Society craves categorization, wants a convenient way to distill complex concepts into easily digestible labels.  Humans also require certainty as to who may be their allies and enemies, a vestigial survival trait that reduces the population to friend or foe.  Frequently, this taxonomy creates artificial binarity, a semantic distinction devoid of subtlety that pigeonholes people into two opposing groups, even at the risk of trying to smash a square peg into a round hole.  This perplexing polarity thereafter creates unnecessary conflict and consternation that could be avoided by understanding the power of the spectrum, a third option that more readily reflects the realities of existence.

We are comically awash in false diametrics.  Female/male, Democrat/Republican, Jewish/Catholic, black/white, and on and on and on.  As an organizing principle, these reductions tell us very little about the actual person bearing these lazily-constructed and applied monikers.   Incomplete, inaccurate, and yet perceived as indispensable, we need an awakening, we need the confidence to push back against the tide of reductionist thought.

Progress comes in painfully small increments.  The recent proliferation of “Other” or “Non-Binary” options on official forms is a belated recognition that gender fluidity is not just something concocted at a trendy Parsons School salon.  It is, at long last, a release valve for those who have been crushed by the illusion that failing to fit neatly into one box makes one less worthy of this beautiful life.  Crushed is too light a term; this insidious paradigm has murdered many radiant souls, and not just figuratively.

American politics is not likely to embrace an alternative to the two-party system any time soon.  It is a curious, although historically and financially explicable, outcome, given that extremism threatens to destroy any hope of cooperative governance.  Just as there is room for a man to express his/her/their feminine side, there should be electorally viable groups that reflect the reality of individual views.  Where does the pro-gun, pro-inclusion, anti-tax person who believes in certain social programs find a political home?  Does a fiscally conservative person from the city have to swallow their distaste at bigoted members of their lifelong party in order to advocate for their financial views?  What about the proto-socialist that believes that the Democrats are too far to the center, but isn’t yet ready to form a local Communist Party?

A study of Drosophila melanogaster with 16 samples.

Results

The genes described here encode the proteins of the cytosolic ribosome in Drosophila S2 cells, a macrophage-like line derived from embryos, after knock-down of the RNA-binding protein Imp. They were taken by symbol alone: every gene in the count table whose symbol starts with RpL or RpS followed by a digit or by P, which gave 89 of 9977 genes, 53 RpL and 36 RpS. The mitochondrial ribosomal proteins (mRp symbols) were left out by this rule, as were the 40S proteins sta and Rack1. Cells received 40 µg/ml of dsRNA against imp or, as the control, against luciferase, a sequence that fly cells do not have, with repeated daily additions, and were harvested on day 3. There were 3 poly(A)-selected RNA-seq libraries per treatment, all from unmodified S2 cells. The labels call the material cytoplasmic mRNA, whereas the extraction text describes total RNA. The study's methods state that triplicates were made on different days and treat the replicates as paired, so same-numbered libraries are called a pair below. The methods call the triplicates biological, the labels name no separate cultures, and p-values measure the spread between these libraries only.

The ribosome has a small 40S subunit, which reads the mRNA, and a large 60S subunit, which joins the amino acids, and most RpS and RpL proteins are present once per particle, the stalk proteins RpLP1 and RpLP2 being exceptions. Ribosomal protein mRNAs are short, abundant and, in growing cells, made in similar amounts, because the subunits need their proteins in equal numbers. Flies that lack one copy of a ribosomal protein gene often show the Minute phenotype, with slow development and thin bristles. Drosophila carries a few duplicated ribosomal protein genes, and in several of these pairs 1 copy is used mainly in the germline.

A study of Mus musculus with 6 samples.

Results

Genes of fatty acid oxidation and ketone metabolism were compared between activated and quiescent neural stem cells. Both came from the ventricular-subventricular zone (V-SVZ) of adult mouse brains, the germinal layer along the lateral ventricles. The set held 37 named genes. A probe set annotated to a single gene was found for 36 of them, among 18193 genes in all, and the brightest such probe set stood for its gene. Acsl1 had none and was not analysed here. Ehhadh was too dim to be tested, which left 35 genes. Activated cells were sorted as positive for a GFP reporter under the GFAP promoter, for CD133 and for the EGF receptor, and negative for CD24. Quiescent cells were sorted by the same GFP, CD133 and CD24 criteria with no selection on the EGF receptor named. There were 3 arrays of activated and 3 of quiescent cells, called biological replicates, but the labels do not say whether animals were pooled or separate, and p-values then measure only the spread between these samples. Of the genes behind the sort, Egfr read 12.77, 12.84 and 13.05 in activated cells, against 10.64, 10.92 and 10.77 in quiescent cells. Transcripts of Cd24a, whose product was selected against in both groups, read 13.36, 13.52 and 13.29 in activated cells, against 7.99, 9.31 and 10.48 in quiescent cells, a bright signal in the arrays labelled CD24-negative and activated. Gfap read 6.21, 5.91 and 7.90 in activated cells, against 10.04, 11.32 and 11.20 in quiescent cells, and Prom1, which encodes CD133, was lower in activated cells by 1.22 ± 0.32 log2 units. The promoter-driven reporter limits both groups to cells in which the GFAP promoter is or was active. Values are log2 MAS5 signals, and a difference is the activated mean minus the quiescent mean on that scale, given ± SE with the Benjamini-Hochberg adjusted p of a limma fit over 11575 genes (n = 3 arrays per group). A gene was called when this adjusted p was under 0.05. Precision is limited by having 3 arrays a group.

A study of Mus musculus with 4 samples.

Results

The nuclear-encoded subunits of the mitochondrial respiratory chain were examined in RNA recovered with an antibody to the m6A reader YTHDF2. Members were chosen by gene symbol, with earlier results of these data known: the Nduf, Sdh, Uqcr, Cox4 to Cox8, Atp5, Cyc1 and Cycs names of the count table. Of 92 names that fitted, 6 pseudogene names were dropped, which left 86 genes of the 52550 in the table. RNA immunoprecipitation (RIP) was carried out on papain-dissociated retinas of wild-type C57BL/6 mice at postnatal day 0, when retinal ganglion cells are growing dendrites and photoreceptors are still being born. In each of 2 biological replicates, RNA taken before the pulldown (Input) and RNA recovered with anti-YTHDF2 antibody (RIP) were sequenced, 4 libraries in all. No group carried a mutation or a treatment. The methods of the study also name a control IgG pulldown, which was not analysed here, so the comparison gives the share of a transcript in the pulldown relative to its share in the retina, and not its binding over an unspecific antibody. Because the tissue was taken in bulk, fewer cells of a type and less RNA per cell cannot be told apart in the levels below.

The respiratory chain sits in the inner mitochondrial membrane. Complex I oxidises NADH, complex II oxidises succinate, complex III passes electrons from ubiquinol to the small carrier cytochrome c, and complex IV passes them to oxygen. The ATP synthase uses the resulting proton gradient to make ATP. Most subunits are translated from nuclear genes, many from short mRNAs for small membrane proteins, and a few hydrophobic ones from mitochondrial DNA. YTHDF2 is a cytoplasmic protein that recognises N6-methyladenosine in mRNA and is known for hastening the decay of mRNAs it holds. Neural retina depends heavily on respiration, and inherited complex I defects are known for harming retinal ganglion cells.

Racial and religious distinctions are the wedge splintering our populace further.  Though there putatively exist a continuum of ethnic identities and a gamut of spiritualities (or absences thereof), in practice there is an infernal dualism between the majority and everything else.  Being on the wrong side of this “either/or” dichotomy is an invitation to abuse, discrimination, so much worse.  We have not even begun to understand what it will take to reach a stage where all feel equal protection under the law and, more importantly, equal treatment in every interaction, large or small.

The third option is a misnomer:  rather than limiting the universe to three, instead of two, options, the third option really stands for the infinite possibilities that we have to craft our society in our own image.  It is a cipher for the ability to see solutions that blend the most positive attributes of all choices, while minimizing the drawbacks.  It is messy, confusing, subject to change, sometimes indeterminate, and requires a great deal of thought and not a little faith.  It is life.